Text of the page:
Germany's Sebastian Vettel stormed to his fourth successive pole position on Saturday in a Red Bull sweep of the Hungarian Grand Prix front row with Australian Mark Webber.
Vettel's seventh pole of the season was also Red Bull's 11th in 12 races and they looked utterly dominant at the twisty Hungaroring, a slow circuit where overtaking is difficult and grid position crucial.
"It's good to be on pole," grinned Vettel, his understatement as glaring as his supremacy.
"I think we have been there a couple of times this year. I'm confident for tomorrow that we have a very good chance to win," he added.
The gap between the 23-year-old and Webber was a cavernous 0.419 seconds and the Australian could only congratulate his team mate, who bizarrely described the tricky circuit as "like a woman alongside you that doesn't behave well."
"We weren't quick enough today," said Webber, referring to himself and looking deflated at the prospect of following his team-mate around on Sunday.
"We could have done better of course so we deserve to be second.
"It's going to be an interesting start and then after that we know with these regulations the race can be interesting in terms of trying to stay awake.
"Let's see how the start goes and then after that we will try and stay awake," he added.
Ferrari filled the second row, with Fernando Alonso lining up alongside Brazilian Felipe Massa -- qualifying without incident after suffering life-threatening head injuries at the track a year ago.
DOMINANT AND UNTOUCHABLE
Alonso, winner at the previous German Grand Prix in a cloud of controversy over Ferrari's use of banned 'team orders', was a hefty 1.2 seconds slower than Vettel and said third was the best he could have hoped for.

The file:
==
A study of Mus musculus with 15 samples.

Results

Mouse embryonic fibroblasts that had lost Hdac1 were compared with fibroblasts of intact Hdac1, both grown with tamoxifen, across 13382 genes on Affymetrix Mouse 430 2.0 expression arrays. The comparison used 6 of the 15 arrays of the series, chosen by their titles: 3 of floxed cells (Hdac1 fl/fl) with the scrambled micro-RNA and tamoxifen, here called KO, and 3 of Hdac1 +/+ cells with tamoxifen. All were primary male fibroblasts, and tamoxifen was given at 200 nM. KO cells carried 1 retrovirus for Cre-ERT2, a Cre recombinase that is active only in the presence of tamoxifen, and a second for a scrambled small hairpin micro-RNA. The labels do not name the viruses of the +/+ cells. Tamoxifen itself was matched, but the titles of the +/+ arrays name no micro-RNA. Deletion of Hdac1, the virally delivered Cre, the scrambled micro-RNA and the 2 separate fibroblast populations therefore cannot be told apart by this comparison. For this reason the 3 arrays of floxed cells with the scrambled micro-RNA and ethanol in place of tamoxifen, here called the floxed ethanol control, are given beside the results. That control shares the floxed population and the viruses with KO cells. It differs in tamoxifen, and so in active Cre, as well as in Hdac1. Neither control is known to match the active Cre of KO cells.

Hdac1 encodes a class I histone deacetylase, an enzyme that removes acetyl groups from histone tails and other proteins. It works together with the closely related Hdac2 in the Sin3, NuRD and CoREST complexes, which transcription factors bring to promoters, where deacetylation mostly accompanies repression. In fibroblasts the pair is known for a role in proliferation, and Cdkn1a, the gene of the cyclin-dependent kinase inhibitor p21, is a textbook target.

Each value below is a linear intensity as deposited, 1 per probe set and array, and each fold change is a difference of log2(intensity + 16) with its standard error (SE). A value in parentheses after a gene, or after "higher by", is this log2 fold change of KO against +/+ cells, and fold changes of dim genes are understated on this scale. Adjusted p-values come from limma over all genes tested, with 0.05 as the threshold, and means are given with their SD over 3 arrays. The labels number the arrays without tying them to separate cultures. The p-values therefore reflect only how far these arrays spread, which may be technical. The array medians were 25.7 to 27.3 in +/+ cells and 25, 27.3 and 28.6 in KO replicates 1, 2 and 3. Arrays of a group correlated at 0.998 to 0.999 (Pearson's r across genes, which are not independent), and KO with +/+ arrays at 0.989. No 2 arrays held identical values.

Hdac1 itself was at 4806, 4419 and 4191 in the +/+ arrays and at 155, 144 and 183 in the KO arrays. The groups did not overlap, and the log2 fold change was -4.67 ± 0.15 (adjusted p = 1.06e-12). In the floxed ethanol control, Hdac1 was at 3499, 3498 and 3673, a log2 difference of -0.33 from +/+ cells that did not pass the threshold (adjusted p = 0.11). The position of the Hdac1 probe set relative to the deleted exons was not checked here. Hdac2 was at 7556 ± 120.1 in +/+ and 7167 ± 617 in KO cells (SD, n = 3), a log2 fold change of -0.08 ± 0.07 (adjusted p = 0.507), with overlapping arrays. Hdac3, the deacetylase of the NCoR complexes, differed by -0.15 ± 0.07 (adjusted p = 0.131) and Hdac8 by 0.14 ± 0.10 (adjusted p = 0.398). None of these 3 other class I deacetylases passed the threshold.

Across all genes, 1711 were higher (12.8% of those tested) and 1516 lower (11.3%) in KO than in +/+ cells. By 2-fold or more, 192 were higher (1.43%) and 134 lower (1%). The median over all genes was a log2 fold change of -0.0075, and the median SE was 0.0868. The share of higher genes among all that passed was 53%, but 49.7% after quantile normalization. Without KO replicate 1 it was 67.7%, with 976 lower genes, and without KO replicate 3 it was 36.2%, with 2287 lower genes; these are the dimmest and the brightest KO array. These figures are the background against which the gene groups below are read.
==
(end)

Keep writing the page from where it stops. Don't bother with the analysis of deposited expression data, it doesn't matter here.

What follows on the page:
The Spaniard, like Webber, was also none too hopeful of beating Vettel and described the Red Bulls' performance so far as 'dominant and untouchable'.
"We know the track is difficult to overtake on," he said.
"The start, the first corner, first lap will be 60 or 70 percent of the final result," he added.
McLaren's championship leader Lewis Hamilton qualified in fifth place while world champion team-mate Jenson Button, second overall and 14 points behind his fellow-Briton, qualified a disappointing 11th.
"Your target is always pole, but the Red Bulls are impossible to beat, they are 1.7 seconds ahead," Hamilton told television reporters.
"For Jenson and me, we just look at the onboard footage and laugh. I don't know what they (Red Bull) are doing but it's incredible," he added.
Renault's Russian rookie Vitaly Petrov out-qualified Polish team mate Robert Kubica for the first time this season, the two lining up seventh and eighth.
Seven-times world champion Michael Schumacher failed to make the top 10 for the fourth time in the last five races for Mercedes while team mate and fellow-German Nico Rosberg will start sixth.
Spain's Pedro de la Rosa, who had his career best result in Hungary when he finished second to Button in 2006, lines up ninth with German Nico Hulkenberg 10th for Williams.